Posted: 12 May 2016     Print Version  Bookmark and Share

Keywords:smartphones  Bluetooth Low Energy  BLE  Wireless Sensor Node  beacon 

The limited power budget available with an EHS implies that every aspect of the embedded system should be optimised energy-wise so that it works seamlessly while powered by the EHS. There are many sub-systems in such a system that may be power hungry and need to be optimised to ensure they do not pull down the output of the EHS. Some of the key areas to target when optimising power include the following:

CPU clock frequency
The system clock frequency determines how fast a particular routine is going to be processed and how much energy it is going to consume during that time. A faster clock means faster processing but higher current consumption. Also, each device has a certain minimum and maximum clock frequency requirement, which should not be violated.

For EHS-based designs, an optimised clock frequency has to be chosen with regards to following two factors: Average current consumption and Peak current consumption.

The EHS capacity must consider both of these factors. The average current is the time average of current required during an active state. However, the peak current is the instantaneous maximum current requirement of an active state, and is often much higher than the average current. It may be possible that average current required is well within the capacity of the EHS, but the peak current will cause the sudden energy depletion of the EHS, causing the voltage to fall below the cut-off voltage. Note that the processing time is part of the calculation of average current consumption.

Figure 9 shows the power vs time plot of a particular routine processed at two different system frequencies, first at 48MHz and a second at 12MHz.

Figure 9: Current consumption while processing a routine at 48MHz (Source: Cypress).

Figure 10: Current consumption while processing a routine at 12MHz (Source: Cypress).

In this example, the 48MHz processed routine takes ~300µs to complete and consumes about 10 mA peak during this period. The 12MHz processed routine takes 1.1 ms to complete but consumes only 4 mA peak current. The average current consumed during the process is greater at 12MHz but has a lower peak current requirement. Depending on the EHS capacity, one can go ahead with a short 48MHz clock setup, a longer 12MHz clock setup, or a mix of both, where the clock frequencies are switched from one process to another. Such current profiling should be taken into account while selecting the optimised system frequency.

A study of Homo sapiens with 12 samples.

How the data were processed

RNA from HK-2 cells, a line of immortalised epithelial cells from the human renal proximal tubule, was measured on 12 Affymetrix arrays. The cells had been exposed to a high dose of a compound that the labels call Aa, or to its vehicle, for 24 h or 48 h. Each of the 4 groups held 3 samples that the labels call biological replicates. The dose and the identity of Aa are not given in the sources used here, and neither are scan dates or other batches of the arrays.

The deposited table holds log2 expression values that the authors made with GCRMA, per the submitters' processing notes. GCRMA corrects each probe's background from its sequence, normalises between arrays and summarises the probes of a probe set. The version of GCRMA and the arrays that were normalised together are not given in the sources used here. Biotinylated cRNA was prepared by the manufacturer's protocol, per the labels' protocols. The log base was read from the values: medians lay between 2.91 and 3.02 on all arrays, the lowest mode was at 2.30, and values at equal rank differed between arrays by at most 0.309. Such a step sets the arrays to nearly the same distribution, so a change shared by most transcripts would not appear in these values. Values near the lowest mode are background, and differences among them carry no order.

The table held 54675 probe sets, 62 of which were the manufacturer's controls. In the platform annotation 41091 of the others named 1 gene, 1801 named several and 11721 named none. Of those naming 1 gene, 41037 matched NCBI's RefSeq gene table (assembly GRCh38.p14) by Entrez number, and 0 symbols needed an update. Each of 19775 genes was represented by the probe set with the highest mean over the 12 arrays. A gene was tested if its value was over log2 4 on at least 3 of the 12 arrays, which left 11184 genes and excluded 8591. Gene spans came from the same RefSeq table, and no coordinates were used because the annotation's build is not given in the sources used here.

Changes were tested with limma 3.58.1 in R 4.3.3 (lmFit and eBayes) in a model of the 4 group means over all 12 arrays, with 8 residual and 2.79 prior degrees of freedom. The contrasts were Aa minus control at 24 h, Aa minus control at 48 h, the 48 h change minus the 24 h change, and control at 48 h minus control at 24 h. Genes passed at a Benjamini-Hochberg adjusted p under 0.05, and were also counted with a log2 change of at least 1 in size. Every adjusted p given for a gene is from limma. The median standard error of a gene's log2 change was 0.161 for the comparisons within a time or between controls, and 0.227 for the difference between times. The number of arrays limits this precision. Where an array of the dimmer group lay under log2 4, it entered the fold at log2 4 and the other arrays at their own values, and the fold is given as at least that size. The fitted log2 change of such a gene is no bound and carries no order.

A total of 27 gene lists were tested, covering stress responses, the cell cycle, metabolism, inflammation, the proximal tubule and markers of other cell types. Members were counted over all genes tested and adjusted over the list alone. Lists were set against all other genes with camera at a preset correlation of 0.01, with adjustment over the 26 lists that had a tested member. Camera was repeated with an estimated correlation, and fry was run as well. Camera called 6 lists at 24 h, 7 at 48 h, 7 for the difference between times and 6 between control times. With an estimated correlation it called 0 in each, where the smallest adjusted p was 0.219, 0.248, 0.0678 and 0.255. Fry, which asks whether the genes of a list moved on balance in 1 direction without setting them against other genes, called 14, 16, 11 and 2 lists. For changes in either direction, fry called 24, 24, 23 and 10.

Low power device boot-up
Once an embedded device is powered, it goes through a boot-up procedure before it can execute application code. A typical boot-up sequence includes:
1. Initializing memory
2. Setting interrupt vectors
3. Configuring peripheral and common registers
4. Initializing external clocks, if any.

Each of these steps takes CPU processing time to complete, which in turns consumes energy. The amount of energy consumed depends on the type of device used, the system clock frequency, how large the memory/register set that is being initialized is, and the time it takes to setup external clocks. Thus, the boot-up process is a power-intensive activity and has to be optimised so that it does not consume an excessive amount of energy from the energy harvester output. Factors that should be kept in mind while writing boot up code are:
1. Initialise only those sections of memory and registers which will be used. Leave others set to default values.
2. Most wireless systems need high accuracy external clocks. These clocks, such as an external clock oscillator or watch crystal oscillator, have a large stabilisation time after start-up. Rather than waiting in active mode for the clocks to stabilise, the system should be put in low power mode (sleep/deep sleep) and awakened only when they are ready for use. Use an internal timer for this purpose.

Low power system start-up
Once the device begins executing application code, there is usually a need to start individual peripherals in the system. These peripherals could be internal to the device, such as an ADC, or may be external to the device, such as a sensor. The starting time may not be large individually for peripherals, but in combination, the overall set up could require enough processing time to drain the stored energy in the EHS.